I’m feeling the need to recap slightly.
Seven and a half years have now passed since I left my island home of Fiji to settle in America. I’m feeling desperate to see my family. I needn’t reiterate the hefty price tag attached to this desire of mine.
A seed planted in my brain way back in my youthful Fiji days came to mind. There was a friend of mine who had told me, “If you want to see the world, work on a ship!” He worked on the SS Mariposa and if you can recall I did actually take his advice. More to the current situation I previously stated the possibility of my working on a Merchant Marines ship going in that direction.
This would make the visit a reality and at the same time I’d earn money for the support of my children as my family is my first and foremost dedication. I’m seeing it as a win, win! Susan and Lisa right next door made it extra comforting. Then Diana wouldn’t feel lonely and she’d have help with the children; the family is there for one another. So let’s pick up from there.
During this time, I asked around to people who may have worked or are currently working on passenger/cargo ships.
I was advised to take a trip up to San Francisco where the Seafarers’ Union was located. They would help me land a job on a ship a lot easier than if I tried without the Union in the Los Angeles area. That was the word at the docks.
Again Diana and I had a serious discussion to reiterate my determination and what all would be involved. The plan was made to go up north and clearly I would be taking this trip on my own. I would move around faster and get straight to the points, not to mention financially, it would be easier.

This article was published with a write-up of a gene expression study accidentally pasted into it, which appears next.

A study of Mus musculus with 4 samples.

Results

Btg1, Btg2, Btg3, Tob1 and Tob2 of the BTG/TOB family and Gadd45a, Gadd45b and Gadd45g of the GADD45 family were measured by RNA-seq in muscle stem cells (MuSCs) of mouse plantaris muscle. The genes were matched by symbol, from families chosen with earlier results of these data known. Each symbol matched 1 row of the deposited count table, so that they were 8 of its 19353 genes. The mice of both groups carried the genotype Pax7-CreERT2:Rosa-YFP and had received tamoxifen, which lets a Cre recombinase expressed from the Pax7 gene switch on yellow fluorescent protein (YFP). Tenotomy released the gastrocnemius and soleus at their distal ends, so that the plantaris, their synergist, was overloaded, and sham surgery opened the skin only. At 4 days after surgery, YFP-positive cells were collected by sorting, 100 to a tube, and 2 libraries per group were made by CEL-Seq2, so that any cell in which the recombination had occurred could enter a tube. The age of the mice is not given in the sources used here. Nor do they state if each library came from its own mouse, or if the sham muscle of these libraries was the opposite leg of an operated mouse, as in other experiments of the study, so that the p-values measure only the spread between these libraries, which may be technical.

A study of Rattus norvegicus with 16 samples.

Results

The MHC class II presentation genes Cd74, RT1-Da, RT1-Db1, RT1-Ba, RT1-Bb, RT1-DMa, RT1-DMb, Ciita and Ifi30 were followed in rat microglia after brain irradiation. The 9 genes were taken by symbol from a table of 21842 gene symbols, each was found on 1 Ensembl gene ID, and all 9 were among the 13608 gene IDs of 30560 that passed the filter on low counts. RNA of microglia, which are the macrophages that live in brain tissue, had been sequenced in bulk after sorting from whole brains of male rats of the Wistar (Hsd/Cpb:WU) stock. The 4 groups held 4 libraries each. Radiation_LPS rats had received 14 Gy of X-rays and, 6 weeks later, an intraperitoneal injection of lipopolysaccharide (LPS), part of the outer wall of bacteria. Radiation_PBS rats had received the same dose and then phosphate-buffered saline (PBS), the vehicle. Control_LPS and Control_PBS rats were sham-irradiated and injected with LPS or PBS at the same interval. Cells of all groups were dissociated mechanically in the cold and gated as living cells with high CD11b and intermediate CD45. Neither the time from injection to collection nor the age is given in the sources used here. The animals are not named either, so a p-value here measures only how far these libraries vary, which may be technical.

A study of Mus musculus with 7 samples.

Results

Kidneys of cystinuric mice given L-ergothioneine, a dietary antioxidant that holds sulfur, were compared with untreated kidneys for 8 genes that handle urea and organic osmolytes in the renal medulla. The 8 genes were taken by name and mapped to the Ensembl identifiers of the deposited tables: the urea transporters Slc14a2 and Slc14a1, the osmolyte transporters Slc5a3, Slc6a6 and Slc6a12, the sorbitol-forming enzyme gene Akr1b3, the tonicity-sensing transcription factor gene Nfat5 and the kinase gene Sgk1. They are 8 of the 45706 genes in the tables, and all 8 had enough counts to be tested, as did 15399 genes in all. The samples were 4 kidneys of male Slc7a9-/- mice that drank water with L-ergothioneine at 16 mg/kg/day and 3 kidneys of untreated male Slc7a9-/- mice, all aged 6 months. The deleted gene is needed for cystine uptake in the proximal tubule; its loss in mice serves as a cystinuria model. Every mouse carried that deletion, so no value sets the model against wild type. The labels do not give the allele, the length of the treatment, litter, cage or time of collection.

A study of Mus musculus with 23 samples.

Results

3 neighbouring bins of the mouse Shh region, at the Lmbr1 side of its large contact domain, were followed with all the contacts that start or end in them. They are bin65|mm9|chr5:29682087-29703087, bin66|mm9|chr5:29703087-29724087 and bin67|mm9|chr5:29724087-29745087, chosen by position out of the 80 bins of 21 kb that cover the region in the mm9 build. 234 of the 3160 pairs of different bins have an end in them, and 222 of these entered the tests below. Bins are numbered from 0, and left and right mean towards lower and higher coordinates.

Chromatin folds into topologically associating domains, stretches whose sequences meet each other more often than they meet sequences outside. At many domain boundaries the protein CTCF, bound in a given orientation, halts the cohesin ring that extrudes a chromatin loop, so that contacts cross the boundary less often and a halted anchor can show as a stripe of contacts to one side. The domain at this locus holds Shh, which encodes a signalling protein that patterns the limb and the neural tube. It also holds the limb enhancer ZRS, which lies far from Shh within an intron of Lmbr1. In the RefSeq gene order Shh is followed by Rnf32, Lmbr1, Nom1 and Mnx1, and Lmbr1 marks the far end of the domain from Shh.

As fate chose to have its way, a couple of days prior to my leaving for San Francisco both of our sons somehow became very ill and with rising fevers.
We took them to the family doctor who after looking them over and in all his current wisdom made his diagnosis, “… so keep them cool and be sure they take in as much clear fluids as possible. Constantly check their temperature and if it doesn’t break bring them immediately to the emergency room!” It was pneumonia and he wrote a prescription.
We returned home with the boys and their prescribed medication. I prepared a large bowl with ice cubes and cold water, putting in some face towels. We placed the cold towels on their foreheads and patted down their little bodies in hopes of relieving their fevers.
For whatever reasons, this wasn’t working; Diana and I didn’t hesitate for a moment in getting them to the emergency room at Saint John’s Hospital.
Straight away they took in both of the boys. Amar our eldest, was placed into a bath of ice cold water in hopes of reducing the fever swiftly. They had taken the younger Alok into a different room.
The emergency room staff’s efforts with Amar worked and soon after, his fever broke. They would release him after a couple of observation hours. Diana and I were to say the least, relieved in that good news. In the same moments we were being informed of their efforts with Alok in that, they were not so successful.
Of course we knew it was absolutely necessary to keep Alok in the hospital overnight at the very least, he simply must win this battle with the unrelenting fever which reduced itself only ever so slightly.
We quickly talked it over and Diana took Amar home while I stayed in the room with Alok. His tented bed was oxygenated and at the same time would keep out any nasty germs. I promised my wife I’d call before bedtime and update her of his progress.
I was so completely distressed to see my little baby boy lying there, knowing that I was helpless to do anything more but pray. In light of my traumatic heart ache a few years back, I admit, I was scared.